April 15th, 2011
Illinois takes step toward banning trans fats
Los Angeles Times
Illinois restaurants may soon have to find a way to cut artificial trans fats from French fries, onion rings, popcorn shrimp, pies, cakes and fried chicken.
Legislation that passed the Illinois House on Wednesday would ban artery-clogging trans fats in food served in restaurants, movie theaters, cafes and bakeries or sold in school vending machines, starting in 2013. School cafeterias would be affected in 2016. Most prepackaged food would not be covered.
If the Senate approves the bill and Gov. Pat Quinn signs it, Illinois will be only the second state to enact such a ban. The first was California.
“Health problems cost our state so much money, and if we can use prevention to keep people out of emergency rooms and keep them healthy, this is a step in that direction,” said sponsoring Rep. La Shawn Ford, D-Chicago.
The National Academy of Sciences says trans fats cannot be safely consumed in any amount.
Lynne Braun, a board member of the American Heart Association Metro Chicago, acknowledged that food choices are personal decisions and that some critics object to government interference.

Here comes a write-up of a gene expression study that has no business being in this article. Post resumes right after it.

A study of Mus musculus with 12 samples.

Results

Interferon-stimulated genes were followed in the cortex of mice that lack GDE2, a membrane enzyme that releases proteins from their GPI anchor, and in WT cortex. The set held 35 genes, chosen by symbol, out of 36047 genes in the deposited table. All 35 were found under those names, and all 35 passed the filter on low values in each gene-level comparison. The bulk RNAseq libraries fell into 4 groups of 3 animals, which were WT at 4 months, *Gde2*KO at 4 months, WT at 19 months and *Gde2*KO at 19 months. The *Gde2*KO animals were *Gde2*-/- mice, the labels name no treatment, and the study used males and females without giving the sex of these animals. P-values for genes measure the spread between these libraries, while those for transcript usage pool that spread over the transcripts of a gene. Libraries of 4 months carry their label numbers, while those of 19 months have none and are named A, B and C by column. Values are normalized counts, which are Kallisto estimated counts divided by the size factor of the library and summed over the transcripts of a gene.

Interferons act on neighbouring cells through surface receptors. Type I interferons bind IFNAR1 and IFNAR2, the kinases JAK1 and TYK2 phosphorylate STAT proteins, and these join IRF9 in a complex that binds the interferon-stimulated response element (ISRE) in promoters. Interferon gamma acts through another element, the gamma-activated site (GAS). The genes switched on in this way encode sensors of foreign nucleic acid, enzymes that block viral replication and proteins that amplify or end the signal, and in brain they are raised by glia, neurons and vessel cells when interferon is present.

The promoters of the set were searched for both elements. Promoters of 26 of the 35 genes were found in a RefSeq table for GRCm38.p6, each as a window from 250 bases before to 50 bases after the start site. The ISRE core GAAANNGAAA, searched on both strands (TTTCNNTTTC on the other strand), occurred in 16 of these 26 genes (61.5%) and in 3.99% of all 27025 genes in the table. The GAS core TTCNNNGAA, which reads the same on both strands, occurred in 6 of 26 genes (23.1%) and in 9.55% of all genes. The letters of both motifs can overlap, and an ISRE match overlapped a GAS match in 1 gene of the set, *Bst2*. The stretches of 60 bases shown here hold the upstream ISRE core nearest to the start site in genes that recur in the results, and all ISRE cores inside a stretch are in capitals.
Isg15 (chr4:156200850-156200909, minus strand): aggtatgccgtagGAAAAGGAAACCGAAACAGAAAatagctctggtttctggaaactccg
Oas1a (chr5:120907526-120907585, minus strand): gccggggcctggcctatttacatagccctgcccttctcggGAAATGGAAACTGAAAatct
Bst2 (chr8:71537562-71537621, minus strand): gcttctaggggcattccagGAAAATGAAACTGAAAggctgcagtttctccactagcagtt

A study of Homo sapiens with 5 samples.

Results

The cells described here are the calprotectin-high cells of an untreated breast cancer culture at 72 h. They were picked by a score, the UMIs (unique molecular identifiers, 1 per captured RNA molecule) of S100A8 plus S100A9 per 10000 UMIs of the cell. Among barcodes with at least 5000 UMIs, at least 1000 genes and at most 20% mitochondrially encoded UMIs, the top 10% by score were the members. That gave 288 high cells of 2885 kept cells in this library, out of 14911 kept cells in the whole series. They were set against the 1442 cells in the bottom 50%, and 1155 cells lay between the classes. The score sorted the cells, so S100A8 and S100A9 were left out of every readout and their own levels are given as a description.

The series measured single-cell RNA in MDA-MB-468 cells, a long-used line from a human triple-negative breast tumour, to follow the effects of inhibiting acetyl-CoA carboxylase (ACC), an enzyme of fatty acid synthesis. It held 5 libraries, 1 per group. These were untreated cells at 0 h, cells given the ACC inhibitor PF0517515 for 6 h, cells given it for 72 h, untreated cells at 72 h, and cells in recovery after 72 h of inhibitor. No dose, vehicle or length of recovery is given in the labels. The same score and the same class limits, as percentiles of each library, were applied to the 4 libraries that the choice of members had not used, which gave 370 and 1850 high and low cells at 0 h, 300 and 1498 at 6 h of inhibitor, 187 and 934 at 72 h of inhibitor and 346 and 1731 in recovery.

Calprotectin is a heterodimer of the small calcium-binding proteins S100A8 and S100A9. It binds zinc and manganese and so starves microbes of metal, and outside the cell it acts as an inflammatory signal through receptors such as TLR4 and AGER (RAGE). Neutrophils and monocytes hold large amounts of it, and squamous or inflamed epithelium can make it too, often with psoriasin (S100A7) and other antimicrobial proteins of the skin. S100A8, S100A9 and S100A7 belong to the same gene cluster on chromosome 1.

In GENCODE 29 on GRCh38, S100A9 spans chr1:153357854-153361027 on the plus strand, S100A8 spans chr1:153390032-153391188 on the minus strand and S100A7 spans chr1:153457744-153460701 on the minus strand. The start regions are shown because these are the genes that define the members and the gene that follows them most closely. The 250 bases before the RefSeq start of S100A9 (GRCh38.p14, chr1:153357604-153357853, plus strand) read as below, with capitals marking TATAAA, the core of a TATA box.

“On the other hand, the government has to pay a big share of health care costs for residents of Illinois and the public in general,” said Braun, a nurse practitioner at Rush University Medical Center’s Heart and Vascular Institute. “Anything we can do to help prevent chronic diseases like coronary artery disease is very important.”
More than a dozen jurisdictions have enacted trans fat bans, including New York City. Around 50 restaurant chains have taken the fats off their menus nationally, and even global corporations such as Disney have done the same, the British Medical Journal reported.
Despite complaints, New York health officials said that about 90 percent of the city’s restaurants complied with the ban by November 2008, about two years after they began to phase it in.